But the keys do feel nice under my fingers. Something will eventually develop.
I just got back from the Canebrake. Some dude I like flew in from England and we had ourselves a mini vacay. Spent 2 days out there. Caught a couple of yoga classes, which were lovely. It's a beautiful space. Go look at their website and be jealous - www.thecanebrake.com - then go out there and see for yourself.
One warning - should you find yourself arriving on a Tuesday night when the restaurant is closed and you haven't had dinner, you may as well save yourself some time and trouble and just go straight to the Wagoner Wal-Mart, where you can pick up some supplies to have yourself a bed picnic. None of the restaurants in town will be open, leaving Wal-Mart and fast food as your only options. Not that I am complaining! Salads and picnicky things can be found in abundance at Wal-Mart, and back in the privacy of your very own room, you and your darling-dearest can feed each other bits of things and kiss and coo to your little heart's content without drawing stares or stinkeyes from anybody. If you're into that sort of thing. Which we're not, me and that dude I like. We never have been.
We watched a documentary on Badwater while eating our picnic - I know how to bring the romance. Nothing says tenderness like watching runners lance their blisters and puke on the side of the road, right? For the record, I could not watch the blister-lancing. I could not even listen to it. Anyway, the documentary is called Running on the Sun and I recommend giving it a watch. I surreptitiously cried four times during our screening. That's four thumbs up.
We managed to get a run in - Eddie took pictures, but I failed to consider copying them for blogging purposes. No pictures were taken of the most important thing that happened - we saw a fox! He was big and fast and maybe a girl. I don't know, we didn't get very close to him/her, just saw him/her take off across a ridge away from us.
Before we saw the fox, we saw many whitetail deer, which is always exciting to me because I grew up with mule deer, an ugly cousin to the whitetail. I'm surprised mule deer don't moo. Whitetails, by comparison, are lovely and delicate and bouncy, flashing their little white tails like sassy little minxes as they vanish into the forest. One stopped at the edge of the ridge, looking down into the riverbed we were following. She looked back at us for a long time while Eddie took pictures of her. She finally decided we were of no consequence and flounced away, waving her bottom at us.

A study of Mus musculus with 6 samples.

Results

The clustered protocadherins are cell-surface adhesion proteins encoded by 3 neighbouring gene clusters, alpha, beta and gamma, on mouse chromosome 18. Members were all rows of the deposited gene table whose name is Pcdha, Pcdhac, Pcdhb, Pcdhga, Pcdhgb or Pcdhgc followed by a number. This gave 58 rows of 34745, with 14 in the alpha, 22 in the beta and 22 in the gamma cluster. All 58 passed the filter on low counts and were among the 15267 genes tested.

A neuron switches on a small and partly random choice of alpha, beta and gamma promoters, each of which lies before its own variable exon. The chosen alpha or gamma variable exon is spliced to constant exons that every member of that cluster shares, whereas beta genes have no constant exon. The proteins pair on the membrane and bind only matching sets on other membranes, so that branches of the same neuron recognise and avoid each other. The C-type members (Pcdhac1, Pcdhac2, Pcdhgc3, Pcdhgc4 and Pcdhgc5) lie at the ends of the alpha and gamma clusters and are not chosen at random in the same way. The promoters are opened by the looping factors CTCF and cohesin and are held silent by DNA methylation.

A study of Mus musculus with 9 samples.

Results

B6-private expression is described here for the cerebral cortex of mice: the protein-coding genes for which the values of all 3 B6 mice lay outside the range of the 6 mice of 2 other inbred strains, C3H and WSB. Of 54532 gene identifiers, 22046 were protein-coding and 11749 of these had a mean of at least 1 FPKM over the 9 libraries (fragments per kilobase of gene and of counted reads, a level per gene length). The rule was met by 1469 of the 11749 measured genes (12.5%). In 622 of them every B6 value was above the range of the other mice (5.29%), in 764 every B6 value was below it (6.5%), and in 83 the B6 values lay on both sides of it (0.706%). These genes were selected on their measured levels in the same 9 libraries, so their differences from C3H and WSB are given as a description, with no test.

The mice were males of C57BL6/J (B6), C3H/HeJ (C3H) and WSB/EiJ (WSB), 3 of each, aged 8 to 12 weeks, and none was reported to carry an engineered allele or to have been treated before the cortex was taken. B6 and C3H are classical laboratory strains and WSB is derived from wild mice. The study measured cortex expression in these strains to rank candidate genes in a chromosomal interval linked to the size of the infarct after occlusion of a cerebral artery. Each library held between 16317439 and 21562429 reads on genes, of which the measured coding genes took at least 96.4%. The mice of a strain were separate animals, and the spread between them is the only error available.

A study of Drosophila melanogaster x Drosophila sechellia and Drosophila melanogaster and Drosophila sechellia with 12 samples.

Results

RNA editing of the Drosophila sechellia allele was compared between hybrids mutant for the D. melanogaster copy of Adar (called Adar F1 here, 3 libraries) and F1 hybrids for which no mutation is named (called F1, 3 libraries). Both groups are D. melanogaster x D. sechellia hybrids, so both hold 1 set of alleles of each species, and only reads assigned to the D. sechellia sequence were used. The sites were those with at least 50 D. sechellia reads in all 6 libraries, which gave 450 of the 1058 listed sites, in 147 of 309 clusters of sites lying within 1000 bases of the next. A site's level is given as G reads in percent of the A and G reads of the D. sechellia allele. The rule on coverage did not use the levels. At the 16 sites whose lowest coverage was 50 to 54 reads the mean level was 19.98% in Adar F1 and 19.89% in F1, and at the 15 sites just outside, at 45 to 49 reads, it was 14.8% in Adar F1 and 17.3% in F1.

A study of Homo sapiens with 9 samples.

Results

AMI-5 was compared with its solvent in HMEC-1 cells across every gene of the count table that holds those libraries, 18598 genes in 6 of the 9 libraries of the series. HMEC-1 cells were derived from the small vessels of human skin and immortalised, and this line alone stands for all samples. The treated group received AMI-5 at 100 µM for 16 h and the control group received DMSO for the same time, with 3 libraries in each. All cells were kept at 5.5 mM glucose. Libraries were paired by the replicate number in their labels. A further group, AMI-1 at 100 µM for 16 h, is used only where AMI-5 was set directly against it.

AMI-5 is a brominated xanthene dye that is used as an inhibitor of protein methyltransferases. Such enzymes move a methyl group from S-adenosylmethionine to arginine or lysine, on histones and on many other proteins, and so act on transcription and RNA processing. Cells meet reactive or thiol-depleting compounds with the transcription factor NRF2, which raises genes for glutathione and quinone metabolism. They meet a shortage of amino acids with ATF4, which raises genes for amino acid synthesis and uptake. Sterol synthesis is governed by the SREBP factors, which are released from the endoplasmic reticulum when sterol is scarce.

Before we saw the deer, we saw 3 buzzards! Are those turkey vultures? What are buzzards, anyway? Eddie didn't think long about it when I asked, just said he recognized a carrion eater when he saw one. I thought that was well put. I think it applies to people as well as animals. Not that I'm speaking disparagingly about the buzzards. They were lovely in their own way. In a sort of dark and unsettling way, sly eyes checking us for doneness, reminding us that we're bouncing along through the woods with our shoes and our digital watches strapped to bodies made of food for something else should our number come up. Hunched over in a gossipy little trio, they regarded us suspiciously and I wondered what the meal we had disturbed used to be.
After all the animals that came out to be sighted had been duly noted, we finished our run and spent the rest of the day napping and snacking in our room. I totally overslept and missed the evening yoga class.
Can you believe it's March already?
This weekend, Little Rock! Coming soon, Miami!
Oh, I totally ran Post Oak last weekend with my sister and I should probably blog about that before I forget how much fun it was. But right now it's past my bedtime. Remind me to talk about dinner later - the Canebrake does it right. Good night, dear hearts!